Researchers and energy experts for years have toted the obvious environmental benefits of transitioning from fossil-fuel based energy to renewable technologies, such as wind and solar; but a new study out of Michigan Technology University has calculated the tremendous health benefits of this renewable energy transition, and the results are overwhelming.
The new study published in Renewable & Sustainable Energy Reviews calculates the cost of combusting coal in terms of human lives, as well as the potential health benefits of switching to solar. The study, straightforwardly entitled “Potential Lives Saved by Replacing Coal with Solar Photovoltaic Electricity Production in the U.S.” found that transitioning from coal to so
lar would save nearly 52,000 lives in the United States each year.
These 52,000 avoided deaths are the result of medical conditions associated with
exposure to coal combustion, including asthma, lung cancer, heart attacks, and strokes. The study also found that the cost of saving these lives by investing in solar power would be about $1.1 million each, or in some cases, several million dollars per life, a result of avoided costs spent on these medical conditions.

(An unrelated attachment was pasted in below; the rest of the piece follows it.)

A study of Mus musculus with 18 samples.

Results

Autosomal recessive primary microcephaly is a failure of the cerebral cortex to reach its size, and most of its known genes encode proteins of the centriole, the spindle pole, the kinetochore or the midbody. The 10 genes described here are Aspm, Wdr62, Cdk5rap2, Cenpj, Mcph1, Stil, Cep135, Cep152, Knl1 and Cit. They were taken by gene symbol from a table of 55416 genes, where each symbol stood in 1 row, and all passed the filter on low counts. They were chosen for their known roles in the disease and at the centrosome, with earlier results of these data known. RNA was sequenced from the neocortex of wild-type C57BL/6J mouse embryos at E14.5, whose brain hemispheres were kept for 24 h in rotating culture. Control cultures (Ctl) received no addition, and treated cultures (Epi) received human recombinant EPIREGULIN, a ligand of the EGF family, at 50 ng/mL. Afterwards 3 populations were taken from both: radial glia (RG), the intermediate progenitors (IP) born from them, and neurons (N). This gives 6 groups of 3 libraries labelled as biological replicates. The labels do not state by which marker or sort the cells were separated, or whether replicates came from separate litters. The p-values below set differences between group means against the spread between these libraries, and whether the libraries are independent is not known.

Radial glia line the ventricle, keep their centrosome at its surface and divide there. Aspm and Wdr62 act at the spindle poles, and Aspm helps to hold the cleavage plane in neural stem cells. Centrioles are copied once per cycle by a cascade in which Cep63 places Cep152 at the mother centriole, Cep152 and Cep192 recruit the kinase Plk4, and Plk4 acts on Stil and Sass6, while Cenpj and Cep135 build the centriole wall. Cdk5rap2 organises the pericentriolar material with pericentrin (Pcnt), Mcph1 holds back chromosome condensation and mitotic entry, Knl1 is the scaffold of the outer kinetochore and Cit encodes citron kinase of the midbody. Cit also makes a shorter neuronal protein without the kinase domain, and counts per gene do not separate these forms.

Researchers gathered data from peer-reviewed journals and the Environmental Protection Agency to calculate US deaths per kilowatt hour per year for both coal and solar energy. They the used current costs of solar installations from the Department of Energy to calculate returns on investment. The study found that external costs of using coal to generate electricity amount to about 27¢/kWh. By contract, CleanTechnica, the #1 cleantech-focused website in the US, recently found the cost of solar plus storage technology to be only about 6.9¢/kWh, including incentives. The numbers are clear: solar energy is far safer for humans and the environment than coal-combustion energy.
Additionally, according to the US Bureau of Labor Statistics, there are about 51,000 coal mining jobs in the U.S. today. This figure is only slightly below the number of people killed each year by the material those miners produce. These miners themselves are at the greatest risk of health problems associated with perpetual exposure to coal.
With mounting evidence that a transition to renewable energy technology is environmentally beneficial, this study adds to the evidence demonstrating both the health and fiscal benefits of switching from coal to solar. Lead researcher, Joshua Pearce, puts it best: "My overall take away from this study is that if we're rational and we care about American lives—or even just money—then it's time to end coal in the US."